I was thinking about buying Hulu. I’m a big fan of classic TV and I love streaming shows on my iPad so I thought, why not? I know the company isn’t making a profit but I figured that with my love of television, I could turn that around. Stock the place with old Lost in Space episodes and run 50’s b-horror movie marathons on the weekend – the subscribers would come running with fistfuls of cash.
Alas, my dream of being Hulu’s next CEO are over because Hulu is no longer for sale.
I don’t feel too bad, because it’s not like they sold the company to someone else. Nope. The owners decided to keep it after all. They even agreed to dump more cash into the site – a full $750 million – in order to “propel future growth.”
Growth is good. But throwing more money at the site isn’t going to make Hulu profitable because they haven’t solved the problem.
What is the problem? It’s right there in the first line of the press release:
21st Century Fox, NBCUniversal and The Walt Disney Company today jointly announced that they will maintain their respective ownership positions in Hulu.
Three major media companies have a stake in Hulu. That’s three sets of very opinionated voices, each with its own agenda. How does that even work? A company has to have a leader; a single decision maker. How do they make decisions in Hulu land? They don’t.
Hulu has the most confusing plan of any streaming service. You can watch some shows online for free but you have to pay to watch those same shows on your iPad. You can watch some first run Fox shows 24 hours after they air on TV, but only if you also subscribe to a pay cable service. You can watch ABC shows without restrictions on Hulu but if you want to watch them on the ABC app, you have to log in with your cable account. Or is it the other way around?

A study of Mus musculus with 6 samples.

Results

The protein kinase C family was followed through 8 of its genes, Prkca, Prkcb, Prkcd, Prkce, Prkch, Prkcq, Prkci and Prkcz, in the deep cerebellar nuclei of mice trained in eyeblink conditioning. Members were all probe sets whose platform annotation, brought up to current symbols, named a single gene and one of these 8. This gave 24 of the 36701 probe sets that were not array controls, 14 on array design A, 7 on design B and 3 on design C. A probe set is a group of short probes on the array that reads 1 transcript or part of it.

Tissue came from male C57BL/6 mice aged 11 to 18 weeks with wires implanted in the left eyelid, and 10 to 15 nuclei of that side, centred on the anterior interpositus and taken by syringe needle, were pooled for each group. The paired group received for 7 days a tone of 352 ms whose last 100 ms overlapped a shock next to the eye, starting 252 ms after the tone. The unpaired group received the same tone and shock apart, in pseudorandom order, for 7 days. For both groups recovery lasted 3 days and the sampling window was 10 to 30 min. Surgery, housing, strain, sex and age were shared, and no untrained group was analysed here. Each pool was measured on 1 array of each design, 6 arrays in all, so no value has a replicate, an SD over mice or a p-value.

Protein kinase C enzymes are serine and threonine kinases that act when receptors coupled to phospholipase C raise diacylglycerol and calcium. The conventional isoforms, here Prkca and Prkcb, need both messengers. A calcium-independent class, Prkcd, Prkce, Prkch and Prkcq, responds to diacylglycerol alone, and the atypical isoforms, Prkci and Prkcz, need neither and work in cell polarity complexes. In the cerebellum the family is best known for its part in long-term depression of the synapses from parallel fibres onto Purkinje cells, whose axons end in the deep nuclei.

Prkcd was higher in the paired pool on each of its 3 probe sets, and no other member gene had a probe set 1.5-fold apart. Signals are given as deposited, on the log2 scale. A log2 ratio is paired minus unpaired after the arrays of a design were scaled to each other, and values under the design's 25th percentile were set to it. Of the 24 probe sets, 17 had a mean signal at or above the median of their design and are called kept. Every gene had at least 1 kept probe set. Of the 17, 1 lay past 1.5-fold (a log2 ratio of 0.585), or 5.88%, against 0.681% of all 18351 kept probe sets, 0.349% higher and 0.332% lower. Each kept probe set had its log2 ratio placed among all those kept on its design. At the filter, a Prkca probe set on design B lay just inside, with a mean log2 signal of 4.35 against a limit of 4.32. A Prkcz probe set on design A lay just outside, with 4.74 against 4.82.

The biggest problem, and the reason I canceled my Hulu subscription, is that even when you pay, you still have to watch commercials.
And they wonder why they’re not profitable?
It’s a shame, because Hulu started out as the quirky, pop-culture oriented streaming service for TV fans. They had the best TV commercials and the tone of the site was inviting and just a little irreverent. It had potential but now. . . not so much.
And why the owners waited until the eleventh hour to back out of the sale is beyond me. Were the in it just for the publicity? Or was it a case of realizing what they had after they saw that other people were interested?
Here’s a quote from partner Chase Carey, President and Chief Operating Officer of 21st Century Fox;
“We believe the best path forward for Hulu is a meaningful recapitalization that will further accelerate its growth under the current ownership structure. We had meaningful conversations with a number of potential partners and buyers, each with impressive plans and offers to match, but with 21st Century Fox and Disney fully aligned in our collective vision and goals for the business, we decided to continue to empower the Hulu team, in this fashion, to continue the incredible momentum they’ve built over the last few years.”
Here’s hoping but I can’t see how three major companies will ever be able to come together into one profitable, cohesive unit. Hulu, I wish you well and I hope someday I can come back.